86 men are found slain execution-style in Iraq
Killings suspected as retaliation in cycle of rising sectarian strife
BAGHDAD -- Iraqi authorities discovered the bodies of at least 86 shot or strangled men across the city yesterday, most with their hands tied and many of them tortured. They included 27 corpses in one of the first mass graves to be found in the capital since the US invasion three years ago.
The day's high toll -- of execution-style killings involving large numbers of victims, not the bombing deaths that have characterized insurgent attacks and dominated violence in Iraq for more than two years -- appeared linked to escalating cycles of sectarian slaughter since the Feb. 22 bombing of a Shi'ite shrine in the city of Samarra. The toll since the bombing is nearing 1,000, according to government figures; four Iraqi and international officials tracking the toll say it topped that figure in the first week after the Samarra bombing.
Yesterday's body count went largely unremarked upon in public statements by Iraqi leaders, including Shi'ite and other political figures who convened in a heavily guarded meeting in Baghdad meant to help kick off efforts to form a government, one day shy of three months after national elections. A Defense Ministry spokesman, Major General Abdul Aziz Mohammed, said the day's victims included Shi'ites and Sunnis and called the killings ''a premeditated attempt to incite civil war."
The mass grave was found in a former Gypsy enclave bordering a heavily Shi'ite neighborhood on the eastern edge of Baghdad. A police spokesman, Colonel Hadi Hasan, said the victims were men aged 25 to 40. All were found with their hands tied and wearing civilian clothes, Hasan said. They appeared to have been killed between two and 10 days ago, police said.
Children playing soccer discovered the grave by its smell, police separately told the Reuters news agency.
In the west Baghdad neighborhood of Khadra, near a school, police found a minibus containing the bodies of 10 men. ''Some of them were shot and some were choked by ropes," Hasan said.
Another minibus in the western Sunni neighborhood of Amriya contained the corpses of eight men, and Hasan said all had been bound, blindfolded, and shot.
In Rustamiya, a mixed Sunni-Shi'ite neighborhood in southern Baghdad, authorities found five men shot dead and covered by blankets, Hasan said.
Authorities picked up the bodies of 11 men in the mixed southern neighborhood of Madean. All wore the dishdasha, or traditional Arab dress, Hasan said.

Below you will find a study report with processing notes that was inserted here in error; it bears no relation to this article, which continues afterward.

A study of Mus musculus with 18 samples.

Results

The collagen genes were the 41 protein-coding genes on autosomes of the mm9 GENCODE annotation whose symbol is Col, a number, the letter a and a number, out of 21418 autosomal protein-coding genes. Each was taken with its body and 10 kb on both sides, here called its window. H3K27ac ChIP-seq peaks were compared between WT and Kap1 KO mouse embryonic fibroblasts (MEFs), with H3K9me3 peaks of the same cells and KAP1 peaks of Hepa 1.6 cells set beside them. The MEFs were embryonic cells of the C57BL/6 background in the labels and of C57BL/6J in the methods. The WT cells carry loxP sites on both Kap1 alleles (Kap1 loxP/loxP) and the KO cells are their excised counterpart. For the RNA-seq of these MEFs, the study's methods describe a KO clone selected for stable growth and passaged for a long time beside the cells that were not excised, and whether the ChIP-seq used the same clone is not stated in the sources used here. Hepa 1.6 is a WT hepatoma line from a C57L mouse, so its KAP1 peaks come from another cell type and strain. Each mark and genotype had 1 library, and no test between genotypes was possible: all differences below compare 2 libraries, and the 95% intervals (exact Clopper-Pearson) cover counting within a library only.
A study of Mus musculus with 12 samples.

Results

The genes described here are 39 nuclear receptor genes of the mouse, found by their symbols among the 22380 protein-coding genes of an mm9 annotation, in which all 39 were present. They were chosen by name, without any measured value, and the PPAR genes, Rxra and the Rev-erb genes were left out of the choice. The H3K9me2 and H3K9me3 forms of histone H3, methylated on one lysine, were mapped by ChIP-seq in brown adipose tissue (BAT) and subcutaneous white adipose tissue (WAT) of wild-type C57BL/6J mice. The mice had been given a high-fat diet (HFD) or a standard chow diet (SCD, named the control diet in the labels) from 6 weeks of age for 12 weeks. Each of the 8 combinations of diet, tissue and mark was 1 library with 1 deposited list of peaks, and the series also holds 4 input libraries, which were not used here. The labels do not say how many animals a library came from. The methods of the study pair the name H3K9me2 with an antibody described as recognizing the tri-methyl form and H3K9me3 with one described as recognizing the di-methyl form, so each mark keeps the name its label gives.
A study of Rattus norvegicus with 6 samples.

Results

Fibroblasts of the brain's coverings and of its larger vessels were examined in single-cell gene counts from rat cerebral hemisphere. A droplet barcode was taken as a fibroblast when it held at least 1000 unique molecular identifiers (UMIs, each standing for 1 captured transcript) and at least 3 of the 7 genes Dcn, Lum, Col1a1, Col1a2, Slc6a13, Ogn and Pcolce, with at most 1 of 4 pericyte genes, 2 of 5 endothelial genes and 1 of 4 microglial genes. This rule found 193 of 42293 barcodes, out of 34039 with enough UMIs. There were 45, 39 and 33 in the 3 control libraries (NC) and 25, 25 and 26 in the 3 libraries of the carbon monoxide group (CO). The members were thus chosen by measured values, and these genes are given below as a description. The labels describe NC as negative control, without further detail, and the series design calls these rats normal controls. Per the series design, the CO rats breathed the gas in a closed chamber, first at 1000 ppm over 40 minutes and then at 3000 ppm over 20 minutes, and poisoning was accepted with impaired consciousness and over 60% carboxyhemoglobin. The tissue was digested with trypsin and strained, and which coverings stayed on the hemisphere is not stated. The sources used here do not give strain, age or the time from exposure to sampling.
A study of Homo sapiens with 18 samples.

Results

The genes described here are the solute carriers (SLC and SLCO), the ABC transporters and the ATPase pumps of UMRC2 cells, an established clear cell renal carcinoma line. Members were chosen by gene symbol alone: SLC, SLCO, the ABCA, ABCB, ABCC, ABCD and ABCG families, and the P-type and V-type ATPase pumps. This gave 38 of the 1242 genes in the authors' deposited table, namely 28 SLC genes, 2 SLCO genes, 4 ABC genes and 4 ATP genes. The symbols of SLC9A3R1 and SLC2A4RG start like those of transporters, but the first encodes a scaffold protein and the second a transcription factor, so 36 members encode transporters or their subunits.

In Kasrah Atash, in southern Baghdad, killers left the bodies of seven men by the side of the road. The men had been tortured and shot, Hasan said, adding that a piece of paper left with their bodies stated: ''The fate of traitors."
Iraqi police also found more than 15 corpses Tuesday morning in Sadr City, according to Captain Ahmed al-Ani, a spokesman for the Interior Ministry. Sadr City is a trash-strewn, dusty urban district that is home to 2 million Shi'ites, overwhelmingly loyal to Moqtada Al-Sadr, a young Shi'ite cleric and militia leader.
The timing and means of yesterday's killings raised suspicions that some of the deaths were retaliatory attacks for bombings Sunday evening that killed 58 people in Sadr City. The concerted series of bomb attacks was one of the deadliest of the war in the Shi'ite enclave and suggested Sunni insurgents or their allies had made their first inroads into the district, which is policed by Sadr's Mahdi Army militia, whose members number in the thousands.
After the first wave of violence that followed the Feb. 22 mosque bombing, survivors accused black-clad Mahdi fighters of taking away men who were later found dead in Baghdad's morgue. Officials with Sadr's organization denied any role by his militia, and Sadr political leaders and spokesmen yesterday denied there had been any killings in Sadr City on Monday or yesterday.
The number of execution-style deaths reported by police and news media usually are only a fraction of the total, according to morgue statistics that have shown such killings doubling since the middle of last year. International officials say the morgue -- and the Health Ministry that oversees it and is controlled by Sadr's bloc -- has been increasingly reluctant to disclose the number of execution-style killings, which are often linked with Shi'ite militias or the security forces of the Shi'ite-controlled Interior Ministry.
On a main road a few blocks from the mass grave, Haider Latif Ugaili, an 18-year-old black-market gasoline vendor, pointed to the spot a few feet away where he said police in pickup trucks and sport-utility vehicles had come to collect three blanket-covered bodies. They also retrieved either two or three from the other side of the road, he said. A laborer at the site, Ali Hussein, 19, gave the same account separately.
''It's become normal to find bodies," Ugaili said. ''It's every other day."